Chathurani Madushanka's picture

Build Your Own Intelligent Character Recognition (ICR) Tool in 9 Steps

Most of the machine vision concepts are unable to tackle the problem of recognising handwritten characters due to irregularities of writers' native written pattern.

Intelligent character recognition (ICR) is an emerging extended technology of optical character recognition (OCR); Combined, these tackle the problem of handwritten characters recognition.

Here I’ll show you how to use image processing techniques to build your own handwritten character recognition tool.

Prerequisites:

1) Basic knowledge of image processing
2) Familiarity with artificial intelligence concepts (support vector machine training)

Installations:

Install OpenCV for Visual Studio 2015.

Construct the Tool

These are the pre-processing steps:

1) Scan the character set using RGB color space scanner.

2) Apply segmentation algorithm for getting characters separately, one by one.

3) Save the character images in .jpg or .png.

4) Load the image from the saved location

5) Convert the color image to grayscale. All the pixels will be in the range of 0-255.

The resulting image will look like Figure 1 and grayscale image Mat will visible as Figure 2.

Figure 1

 

Figure 2

6) Apply binarisation on the grayscale image to make the image mat only with zeros and ones. For this you can use the following logic: Consider T as threshold value, f (x, y) as pixel value of the gray image, and g(x ,y) as pixel value of the binary image.

Figure 3.1

 

Figure 3.2

7) Find the effective height and width of the space exactly where the character is located inside the cage.

8) For high accuracy of character recognition, apply thinning algorithm on the characters before proceeding with the feature extraction.

9) Feature Extraction

Identify the curvature

This step is for extracting the discrete features of the character to train the support vector machine.

Below I will mention the curvature-based feature extraction method which gives me more than 90 % accuracy in recognition of Sinhala, English and Tamil letters.

You can implement the code any way you want after understanding the core of the algorithm.

In this method you need to consider the particular pixel’s contribution for creating the predefined set of curvature patterns.

Figures 4, 5 and 6 illustrate how possible and optimal curvature patterns are created using eight neighbor pixels through middle pixel.

First identify the pixel patterns that can create straight lines.

Figure 4.1

 

Figure 4.2

 

Then identify the pixel patterns which are making arcs.

Figure 5.1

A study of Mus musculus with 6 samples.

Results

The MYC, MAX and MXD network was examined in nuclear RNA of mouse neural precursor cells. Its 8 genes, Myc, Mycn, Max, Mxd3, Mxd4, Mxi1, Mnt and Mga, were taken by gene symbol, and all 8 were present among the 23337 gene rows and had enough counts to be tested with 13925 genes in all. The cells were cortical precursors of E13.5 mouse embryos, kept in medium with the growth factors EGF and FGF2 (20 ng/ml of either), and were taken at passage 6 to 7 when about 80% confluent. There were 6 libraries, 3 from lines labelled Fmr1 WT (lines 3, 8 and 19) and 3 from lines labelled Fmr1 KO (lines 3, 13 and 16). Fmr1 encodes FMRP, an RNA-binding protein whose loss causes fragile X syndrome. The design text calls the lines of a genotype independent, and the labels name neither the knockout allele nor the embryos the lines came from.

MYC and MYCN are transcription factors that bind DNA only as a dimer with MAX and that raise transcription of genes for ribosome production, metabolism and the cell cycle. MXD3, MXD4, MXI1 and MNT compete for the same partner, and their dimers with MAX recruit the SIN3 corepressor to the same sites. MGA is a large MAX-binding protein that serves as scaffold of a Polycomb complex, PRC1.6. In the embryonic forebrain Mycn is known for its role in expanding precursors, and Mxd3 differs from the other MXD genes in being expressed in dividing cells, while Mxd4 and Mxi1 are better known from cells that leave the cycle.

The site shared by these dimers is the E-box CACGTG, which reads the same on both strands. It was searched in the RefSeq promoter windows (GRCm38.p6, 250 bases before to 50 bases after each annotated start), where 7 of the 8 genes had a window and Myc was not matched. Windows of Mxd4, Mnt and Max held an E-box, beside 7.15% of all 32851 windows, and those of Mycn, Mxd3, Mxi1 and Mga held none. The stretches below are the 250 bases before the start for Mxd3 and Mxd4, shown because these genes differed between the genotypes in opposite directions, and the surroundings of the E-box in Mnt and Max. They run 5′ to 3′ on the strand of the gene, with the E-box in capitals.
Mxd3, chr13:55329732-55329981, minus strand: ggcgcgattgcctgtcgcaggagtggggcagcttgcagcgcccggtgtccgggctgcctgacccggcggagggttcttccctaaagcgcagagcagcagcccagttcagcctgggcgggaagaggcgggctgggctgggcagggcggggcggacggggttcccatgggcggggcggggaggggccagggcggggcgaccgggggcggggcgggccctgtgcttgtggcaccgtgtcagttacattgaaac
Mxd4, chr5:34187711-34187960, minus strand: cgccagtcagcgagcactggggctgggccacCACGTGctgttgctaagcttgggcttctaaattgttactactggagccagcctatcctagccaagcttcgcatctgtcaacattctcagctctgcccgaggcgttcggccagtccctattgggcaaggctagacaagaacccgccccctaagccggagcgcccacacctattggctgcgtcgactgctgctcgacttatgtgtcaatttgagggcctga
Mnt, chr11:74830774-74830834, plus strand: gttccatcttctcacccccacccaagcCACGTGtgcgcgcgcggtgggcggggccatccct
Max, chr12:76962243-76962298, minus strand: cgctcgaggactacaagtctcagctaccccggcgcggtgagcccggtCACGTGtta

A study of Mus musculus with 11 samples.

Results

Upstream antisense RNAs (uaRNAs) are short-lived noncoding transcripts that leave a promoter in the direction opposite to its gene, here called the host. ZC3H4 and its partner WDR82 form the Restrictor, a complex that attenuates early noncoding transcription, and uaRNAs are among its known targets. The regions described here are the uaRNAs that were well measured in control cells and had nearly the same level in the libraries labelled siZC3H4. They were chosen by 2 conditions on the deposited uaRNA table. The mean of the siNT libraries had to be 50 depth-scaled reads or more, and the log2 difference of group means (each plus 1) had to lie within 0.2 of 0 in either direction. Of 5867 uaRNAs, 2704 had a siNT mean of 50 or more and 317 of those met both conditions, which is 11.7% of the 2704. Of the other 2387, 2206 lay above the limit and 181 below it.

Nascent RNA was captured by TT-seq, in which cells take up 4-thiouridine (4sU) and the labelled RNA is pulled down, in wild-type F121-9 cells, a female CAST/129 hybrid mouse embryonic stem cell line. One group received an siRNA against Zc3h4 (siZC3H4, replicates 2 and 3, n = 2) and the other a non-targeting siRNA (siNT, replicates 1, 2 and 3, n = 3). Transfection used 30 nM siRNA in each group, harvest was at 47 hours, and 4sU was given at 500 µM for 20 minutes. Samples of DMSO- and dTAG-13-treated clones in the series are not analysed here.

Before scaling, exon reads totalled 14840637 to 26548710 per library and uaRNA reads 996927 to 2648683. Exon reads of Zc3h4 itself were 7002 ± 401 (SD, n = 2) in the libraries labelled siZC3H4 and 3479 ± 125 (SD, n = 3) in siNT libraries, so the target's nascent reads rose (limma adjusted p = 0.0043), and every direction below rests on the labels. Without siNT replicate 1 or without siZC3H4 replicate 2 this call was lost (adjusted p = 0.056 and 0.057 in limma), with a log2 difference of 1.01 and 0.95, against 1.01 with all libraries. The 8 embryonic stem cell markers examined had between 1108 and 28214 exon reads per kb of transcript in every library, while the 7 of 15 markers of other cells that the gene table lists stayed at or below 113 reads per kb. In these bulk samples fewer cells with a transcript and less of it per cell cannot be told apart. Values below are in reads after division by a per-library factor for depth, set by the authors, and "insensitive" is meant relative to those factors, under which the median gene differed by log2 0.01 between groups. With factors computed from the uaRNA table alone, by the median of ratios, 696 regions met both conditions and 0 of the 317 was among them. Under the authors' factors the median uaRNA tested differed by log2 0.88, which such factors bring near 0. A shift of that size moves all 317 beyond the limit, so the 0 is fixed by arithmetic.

Figure 5.2

 

More than above-mentioned patterns, following curvature groups also can be visible in a character. Here, groups of curvature patterns are created by integrating very similar curvatures.

Figure 6

 

Break the Character Space into Tiles

Here you will divide the effective space of the character into 25 tiles which will be considered separately when forming the feature vector matrix for SVM training.

Figure 7

 

Search for Curvature Patterns

To formulate the feature vector, use the cumulative value of particular curvature repeats in a particular tile. For this, all ON (pixels with 1 in the binary image mat) pixels inside the effective area of the character will be considered for curvature patterns defined in Figures 4, 5 and 6 starting from top left corner by selecting each ON pixel as the middle pixel. Then consider adjacent eight neighbor pixels and match all contributed curvature patterns by this middle pixel.

Figure 8

 

Form the Training Matrix

First, keep the record for each pixel’s contributed curvatures. Then calculate the cumulative value of particular pattern repeats in a particular tile.

Now a letter can be represented as feature vector of 12 columns and 25 rows. 12 columns represent the 12 different patterns while 25 rows are representing 25 tiles. This figure shows the horizontal segment of the feature vector:

Figure 9

 

SVM training

For the same letter you’ll need several copies (near 1000) written by different writers for the training process. Then, convert each and every letter into a particular feature vector by applying the above-listed steps properly.

You can use 70 % of the copies of one character as a training set while the remaining 30% you can use as the test set.

Target output for every training vector needs to be fed as labels to the SVM.

Both the training and the test set can be saved to .yml file.

Finally, feed test vector file to the Support Vector Machine together with their particular labels.